For the first time in a long time, John Patterson sounds like a confident man.
The Washington Nationals right-hander, fresh off a surgical procedure Friday to decompress the radial nerve in his throwing arm, said yesterday he feels as well as he has all year and believes he finally has resolved the injury problems that have plagued him the last two seasons.
"It really helped put my mind at ease," he said during a stop in the Nationals' clubhouse before yesterday's game against the Atlanta Braves. "It's been a huge relief. It really has."
Patterson was operated on Friday by orthopedist David Ruch at the Duke Medical Center in Durham, N.C. Ruch, who has worked with notable athletes like tennis stars Serena and Venus Williams, uncoiled several blood vessels that had wrapped themselves around the major nerve in Patterson's right arm.
Those vessels were compressing the nerve, causing shooting pain through his arm even when he performed normal daily tasks like taking deep breaths.
Ruch told Patterson it won't take long to heal from the procedure. Though his arm was in a sling yesterday, Patterson should be allowed to resume throwing in three weeks. He plans to pitch in the Dominican Republic this winter for the Licey club that will be managed by Washington third-base coach Tim Tolman.
Patterson, whose future with the Nationals remains uncertain, believes he will be 100 percent for the start of spring training.
"Yeah, I have no reason to believe that I wouldn't be," he said. "I feel great. I really do. And it's an answer to the question I've been wondering for a while. My arm's not hurting. They were able to find the cause. So I have no reason to believe that it won't be OK."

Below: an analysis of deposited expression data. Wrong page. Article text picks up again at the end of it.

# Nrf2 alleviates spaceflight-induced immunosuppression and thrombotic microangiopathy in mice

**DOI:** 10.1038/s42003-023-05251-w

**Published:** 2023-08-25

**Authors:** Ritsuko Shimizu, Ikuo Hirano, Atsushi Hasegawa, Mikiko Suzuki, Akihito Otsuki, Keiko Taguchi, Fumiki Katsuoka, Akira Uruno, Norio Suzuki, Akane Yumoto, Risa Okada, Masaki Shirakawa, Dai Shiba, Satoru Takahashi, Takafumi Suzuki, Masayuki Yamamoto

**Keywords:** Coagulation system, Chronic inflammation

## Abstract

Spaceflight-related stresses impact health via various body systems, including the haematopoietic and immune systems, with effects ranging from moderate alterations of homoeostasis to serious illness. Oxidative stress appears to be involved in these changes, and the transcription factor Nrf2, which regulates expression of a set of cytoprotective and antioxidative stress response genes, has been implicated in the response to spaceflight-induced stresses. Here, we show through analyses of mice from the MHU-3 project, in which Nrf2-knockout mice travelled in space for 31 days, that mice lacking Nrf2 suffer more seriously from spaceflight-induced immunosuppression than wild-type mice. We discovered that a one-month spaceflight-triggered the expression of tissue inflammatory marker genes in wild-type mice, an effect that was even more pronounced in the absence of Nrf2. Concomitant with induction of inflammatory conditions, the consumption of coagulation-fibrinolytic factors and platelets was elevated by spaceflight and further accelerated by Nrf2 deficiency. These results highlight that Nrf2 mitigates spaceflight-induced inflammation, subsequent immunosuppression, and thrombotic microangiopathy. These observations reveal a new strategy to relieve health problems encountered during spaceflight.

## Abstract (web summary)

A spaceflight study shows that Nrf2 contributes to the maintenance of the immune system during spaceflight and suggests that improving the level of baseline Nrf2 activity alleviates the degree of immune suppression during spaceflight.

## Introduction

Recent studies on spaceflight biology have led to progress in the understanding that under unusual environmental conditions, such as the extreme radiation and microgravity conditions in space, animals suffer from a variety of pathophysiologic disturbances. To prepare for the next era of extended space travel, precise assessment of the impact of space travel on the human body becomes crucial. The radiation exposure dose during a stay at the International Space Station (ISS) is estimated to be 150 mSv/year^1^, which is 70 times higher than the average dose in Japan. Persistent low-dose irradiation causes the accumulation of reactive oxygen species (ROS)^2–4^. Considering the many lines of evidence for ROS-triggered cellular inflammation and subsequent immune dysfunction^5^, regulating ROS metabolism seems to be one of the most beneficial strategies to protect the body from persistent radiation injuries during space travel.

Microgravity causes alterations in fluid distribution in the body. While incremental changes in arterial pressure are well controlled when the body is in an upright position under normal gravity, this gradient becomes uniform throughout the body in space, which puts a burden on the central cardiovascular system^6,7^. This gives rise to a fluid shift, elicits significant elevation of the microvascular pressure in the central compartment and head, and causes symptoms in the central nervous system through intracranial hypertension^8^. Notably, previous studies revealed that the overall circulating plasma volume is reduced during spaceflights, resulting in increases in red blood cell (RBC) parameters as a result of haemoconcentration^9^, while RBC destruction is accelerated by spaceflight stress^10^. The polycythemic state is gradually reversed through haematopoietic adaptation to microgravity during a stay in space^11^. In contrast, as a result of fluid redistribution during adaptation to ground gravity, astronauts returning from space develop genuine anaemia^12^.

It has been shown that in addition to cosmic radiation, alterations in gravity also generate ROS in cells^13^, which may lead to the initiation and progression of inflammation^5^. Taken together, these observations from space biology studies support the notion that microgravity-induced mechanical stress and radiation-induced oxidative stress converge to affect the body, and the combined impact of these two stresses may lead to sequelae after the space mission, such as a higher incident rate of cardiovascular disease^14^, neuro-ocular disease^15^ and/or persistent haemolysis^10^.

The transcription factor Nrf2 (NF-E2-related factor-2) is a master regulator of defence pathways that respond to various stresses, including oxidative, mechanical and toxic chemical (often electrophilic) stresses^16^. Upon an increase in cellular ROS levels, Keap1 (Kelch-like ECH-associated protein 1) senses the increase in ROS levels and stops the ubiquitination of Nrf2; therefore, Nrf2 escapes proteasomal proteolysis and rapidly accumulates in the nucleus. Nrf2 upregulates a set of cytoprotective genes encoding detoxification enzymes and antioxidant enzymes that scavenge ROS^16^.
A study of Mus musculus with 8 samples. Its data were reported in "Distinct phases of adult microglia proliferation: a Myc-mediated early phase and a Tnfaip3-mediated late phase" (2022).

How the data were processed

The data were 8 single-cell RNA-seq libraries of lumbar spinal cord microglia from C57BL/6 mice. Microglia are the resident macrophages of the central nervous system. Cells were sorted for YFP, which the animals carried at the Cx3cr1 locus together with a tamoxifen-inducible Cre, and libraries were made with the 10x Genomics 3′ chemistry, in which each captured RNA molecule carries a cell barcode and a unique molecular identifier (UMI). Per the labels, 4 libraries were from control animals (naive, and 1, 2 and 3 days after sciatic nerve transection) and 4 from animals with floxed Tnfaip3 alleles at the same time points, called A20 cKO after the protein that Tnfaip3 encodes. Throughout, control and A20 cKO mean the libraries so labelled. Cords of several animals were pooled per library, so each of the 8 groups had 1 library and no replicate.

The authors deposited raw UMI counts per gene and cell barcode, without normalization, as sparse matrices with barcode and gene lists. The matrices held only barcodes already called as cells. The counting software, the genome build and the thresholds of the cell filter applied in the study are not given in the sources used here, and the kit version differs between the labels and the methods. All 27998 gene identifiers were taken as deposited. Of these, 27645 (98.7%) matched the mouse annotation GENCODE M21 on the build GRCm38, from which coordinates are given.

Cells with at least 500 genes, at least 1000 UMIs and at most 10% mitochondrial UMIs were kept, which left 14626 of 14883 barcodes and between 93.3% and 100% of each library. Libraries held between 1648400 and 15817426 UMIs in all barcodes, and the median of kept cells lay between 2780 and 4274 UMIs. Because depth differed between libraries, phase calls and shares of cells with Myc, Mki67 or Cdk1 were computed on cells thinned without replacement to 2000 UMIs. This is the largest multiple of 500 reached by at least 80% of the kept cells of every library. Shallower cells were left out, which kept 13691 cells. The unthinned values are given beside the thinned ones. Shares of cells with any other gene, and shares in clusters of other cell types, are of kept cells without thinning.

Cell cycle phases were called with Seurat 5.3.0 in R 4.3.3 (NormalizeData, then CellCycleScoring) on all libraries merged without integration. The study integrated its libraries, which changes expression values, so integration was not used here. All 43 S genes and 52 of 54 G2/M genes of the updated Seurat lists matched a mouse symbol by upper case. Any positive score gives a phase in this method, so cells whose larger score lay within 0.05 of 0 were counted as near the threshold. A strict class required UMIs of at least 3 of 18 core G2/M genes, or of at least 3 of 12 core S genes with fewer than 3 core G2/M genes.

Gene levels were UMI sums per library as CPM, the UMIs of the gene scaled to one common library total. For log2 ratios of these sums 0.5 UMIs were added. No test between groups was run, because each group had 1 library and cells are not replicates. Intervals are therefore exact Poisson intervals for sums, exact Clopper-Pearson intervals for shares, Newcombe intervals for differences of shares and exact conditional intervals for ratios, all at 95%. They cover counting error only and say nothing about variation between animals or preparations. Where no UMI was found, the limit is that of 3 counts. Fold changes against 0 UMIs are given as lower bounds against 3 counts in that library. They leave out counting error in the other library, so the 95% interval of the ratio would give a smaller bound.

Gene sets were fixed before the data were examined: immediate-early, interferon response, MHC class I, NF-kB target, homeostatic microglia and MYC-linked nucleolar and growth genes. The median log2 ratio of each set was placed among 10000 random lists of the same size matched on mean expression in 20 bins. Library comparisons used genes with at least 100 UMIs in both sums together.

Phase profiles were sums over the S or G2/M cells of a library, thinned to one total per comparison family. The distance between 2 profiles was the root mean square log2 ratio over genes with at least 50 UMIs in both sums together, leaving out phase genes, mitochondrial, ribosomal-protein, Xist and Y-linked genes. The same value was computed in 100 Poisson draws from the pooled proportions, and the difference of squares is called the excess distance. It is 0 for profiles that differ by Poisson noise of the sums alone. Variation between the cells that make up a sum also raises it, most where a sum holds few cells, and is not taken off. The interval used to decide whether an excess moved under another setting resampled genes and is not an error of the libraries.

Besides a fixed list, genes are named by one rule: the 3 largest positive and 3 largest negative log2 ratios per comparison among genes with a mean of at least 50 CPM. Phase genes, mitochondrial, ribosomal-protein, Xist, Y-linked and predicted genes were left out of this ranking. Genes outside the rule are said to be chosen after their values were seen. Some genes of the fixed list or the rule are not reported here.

Young still ailing
Dmitri Young was not in the Nationals' lineup yesterday, still feeling the effects of the batted ball that hit him in the side of the head Saturday night.
Young, who was experiencing headaches and neck stiffness, doesn't think he will miss much time, but he clearly wasn't ready to get back to baseball yesterday.
Young said he woke up in the middle of the night and had trouble falling asleep again.
"My head was throbbing," he said. "I guess after Tylenol wears off, it's really off."
His status is day-to-day.
Hall of Fame writer Shirley Povich was formally honored yesterday when the Nationals announced they will name the press box at their new ballpark in honor of the late columnist.
Povich, a longtime columnist and editor at The Washington Post, died in 1998 but was a proponent for baseball's return to the District for decades and was friends with now-Nationals owner Ted Lerner.
"We are a greatly appreciative family about this," said Povich's son, television personality Maury Povich. "This is more than anything we could have imagined. It's just a dear tribute to a man who not only deserves it, but he would have been so appreciative."